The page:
Saturday, April 16, 2016

WIU announces 110 more layoffs

Western Illinois University has announced 110 layoffs, bringing the total number there to 160. Western had also successfully encouraged 59 staff to retire early as of the end of 2015.

The university had hoped to achieve some $4 million in savings from furloughs negotiated with campus unions, but was unable to reach agreements with most of them. The head of the WIU faculty union was quoted as saying the following:
"By putting faculty and staff last on his list of priorities, President Thomas is shortchanging our students, who are already being shortchanged by our Governor, who refuses to fund their college dreams.”
I do not know the details of the failed negotiations at WIU. Contrast EIU, where the faculty union (from the same parent union, UPI/AFT) agreed on a deferred pay plan to save the university some $2 million.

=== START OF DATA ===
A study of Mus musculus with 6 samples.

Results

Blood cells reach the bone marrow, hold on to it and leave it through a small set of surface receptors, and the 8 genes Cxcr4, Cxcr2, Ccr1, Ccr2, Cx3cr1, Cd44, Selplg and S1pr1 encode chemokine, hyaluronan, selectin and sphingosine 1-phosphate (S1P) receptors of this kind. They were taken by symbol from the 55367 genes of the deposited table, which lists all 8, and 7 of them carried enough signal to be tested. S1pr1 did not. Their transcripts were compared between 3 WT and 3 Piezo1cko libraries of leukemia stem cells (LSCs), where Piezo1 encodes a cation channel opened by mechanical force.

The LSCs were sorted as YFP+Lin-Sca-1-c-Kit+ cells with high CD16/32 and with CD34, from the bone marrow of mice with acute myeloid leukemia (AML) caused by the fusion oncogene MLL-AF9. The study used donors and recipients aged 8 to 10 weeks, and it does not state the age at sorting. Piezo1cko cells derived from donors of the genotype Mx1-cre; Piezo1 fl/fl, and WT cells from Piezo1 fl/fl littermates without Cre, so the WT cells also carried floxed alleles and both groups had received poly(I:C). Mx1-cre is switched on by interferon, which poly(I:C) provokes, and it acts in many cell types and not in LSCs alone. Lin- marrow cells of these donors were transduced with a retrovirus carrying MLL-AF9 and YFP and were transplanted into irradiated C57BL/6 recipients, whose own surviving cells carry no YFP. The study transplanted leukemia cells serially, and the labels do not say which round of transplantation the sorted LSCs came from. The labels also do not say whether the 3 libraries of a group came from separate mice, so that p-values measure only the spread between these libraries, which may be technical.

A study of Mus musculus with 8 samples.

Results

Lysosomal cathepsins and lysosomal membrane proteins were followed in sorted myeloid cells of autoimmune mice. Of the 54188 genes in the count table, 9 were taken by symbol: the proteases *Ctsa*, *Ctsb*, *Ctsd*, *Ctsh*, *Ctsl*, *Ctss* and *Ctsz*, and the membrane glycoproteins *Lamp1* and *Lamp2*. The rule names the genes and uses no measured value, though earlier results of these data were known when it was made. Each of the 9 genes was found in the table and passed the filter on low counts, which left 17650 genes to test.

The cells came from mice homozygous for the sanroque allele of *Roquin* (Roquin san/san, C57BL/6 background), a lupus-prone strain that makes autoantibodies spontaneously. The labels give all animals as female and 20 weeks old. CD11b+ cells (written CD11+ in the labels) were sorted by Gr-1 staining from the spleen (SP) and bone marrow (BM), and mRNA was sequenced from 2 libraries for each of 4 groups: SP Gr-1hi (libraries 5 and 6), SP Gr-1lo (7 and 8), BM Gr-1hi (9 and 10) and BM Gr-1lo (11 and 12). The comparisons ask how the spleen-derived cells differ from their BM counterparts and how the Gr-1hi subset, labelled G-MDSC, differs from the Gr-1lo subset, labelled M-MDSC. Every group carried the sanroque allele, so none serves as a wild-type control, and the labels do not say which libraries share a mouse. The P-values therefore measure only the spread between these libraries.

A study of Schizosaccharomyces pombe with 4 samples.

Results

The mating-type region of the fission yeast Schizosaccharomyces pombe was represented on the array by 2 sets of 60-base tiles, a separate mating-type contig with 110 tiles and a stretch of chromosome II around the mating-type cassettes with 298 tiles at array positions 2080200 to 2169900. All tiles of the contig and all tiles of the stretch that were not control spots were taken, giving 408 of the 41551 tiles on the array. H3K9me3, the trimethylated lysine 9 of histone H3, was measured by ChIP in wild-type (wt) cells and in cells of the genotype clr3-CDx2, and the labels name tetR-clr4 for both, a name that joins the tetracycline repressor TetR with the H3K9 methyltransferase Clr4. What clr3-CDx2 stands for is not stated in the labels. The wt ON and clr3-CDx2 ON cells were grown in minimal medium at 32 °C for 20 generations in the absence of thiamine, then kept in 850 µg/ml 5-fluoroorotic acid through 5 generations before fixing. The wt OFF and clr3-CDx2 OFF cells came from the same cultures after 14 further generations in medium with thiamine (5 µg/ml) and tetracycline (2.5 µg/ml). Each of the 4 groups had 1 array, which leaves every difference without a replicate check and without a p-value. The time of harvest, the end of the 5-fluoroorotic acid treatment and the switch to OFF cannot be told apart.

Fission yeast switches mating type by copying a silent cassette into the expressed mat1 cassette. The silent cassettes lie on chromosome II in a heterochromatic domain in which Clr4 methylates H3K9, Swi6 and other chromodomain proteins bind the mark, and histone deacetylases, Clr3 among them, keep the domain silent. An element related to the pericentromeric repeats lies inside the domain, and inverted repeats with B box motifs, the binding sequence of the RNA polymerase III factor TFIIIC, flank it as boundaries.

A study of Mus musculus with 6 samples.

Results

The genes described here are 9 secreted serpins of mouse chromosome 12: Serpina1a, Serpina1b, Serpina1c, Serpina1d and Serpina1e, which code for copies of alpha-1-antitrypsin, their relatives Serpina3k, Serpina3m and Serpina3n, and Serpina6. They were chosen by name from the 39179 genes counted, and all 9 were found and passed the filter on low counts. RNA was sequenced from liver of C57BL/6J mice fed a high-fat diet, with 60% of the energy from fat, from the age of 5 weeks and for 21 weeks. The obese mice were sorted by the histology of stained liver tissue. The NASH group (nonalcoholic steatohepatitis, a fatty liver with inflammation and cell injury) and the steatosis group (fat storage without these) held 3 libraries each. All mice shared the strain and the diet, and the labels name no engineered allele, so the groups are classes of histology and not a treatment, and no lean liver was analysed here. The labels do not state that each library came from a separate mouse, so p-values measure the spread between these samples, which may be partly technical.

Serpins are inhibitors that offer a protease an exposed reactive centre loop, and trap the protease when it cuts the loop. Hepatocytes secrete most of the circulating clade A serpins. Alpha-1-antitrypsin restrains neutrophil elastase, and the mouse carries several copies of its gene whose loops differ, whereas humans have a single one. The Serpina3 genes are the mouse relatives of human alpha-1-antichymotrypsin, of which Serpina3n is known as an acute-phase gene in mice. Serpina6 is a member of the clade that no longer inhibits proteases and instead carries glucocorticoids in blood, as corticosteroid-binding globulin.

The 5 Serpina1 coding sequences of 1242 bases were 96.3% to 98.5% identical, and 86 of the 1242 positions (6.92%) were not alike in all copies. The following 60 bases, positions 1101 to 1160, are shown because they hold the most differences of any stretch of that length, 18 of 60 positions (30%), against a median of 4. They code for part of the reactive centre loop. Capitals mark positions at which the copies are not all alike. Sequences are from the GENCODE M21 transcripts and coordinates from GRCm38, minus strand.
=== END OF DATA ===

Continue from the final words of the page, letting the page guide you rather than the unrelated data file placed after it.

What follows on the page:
Some remarks on our own situation after the break.

Contrast both EIU and WIU with SIU, where the administration is bargaining with unions over contracts (and doing so in good faith, unlike last time around) but is not talking to the FA--or anyone else, as far as I can tell--about furloughs. Instead it looks like NTT layoffs and cuts to GA funding are the plan. I speculated earlier that this was due to furloughs being toxic after their illegal imposition by Cheng, but that's pure speculation.

Furloughs and deferred pay schemes are not a happy solution; and they are only a short-term response. But the utter lack of state funding is, deo volente, short-term. And furloughs and deferred pay don't result in cancelled courses, lost graduate students, and maimed programs. They can be shared equally, whereas other cuts will impact those departments which happen to rely the most on NTT faculty and GA's. And they obviously have a dire impact on the individual NTT and GA's involved. That's presumably why Eastern and Western started with furloughs.

The other point—in addition to not talking about furloughs or deferred pay—is that while we're in a statewide crisis,  differing campuses are reacting in different ways, and the differences not only driven by different finances. At EIU the faculty union and administration managed to work together; at WIU they did not. We'll be better off if we manage to follow the EIU model.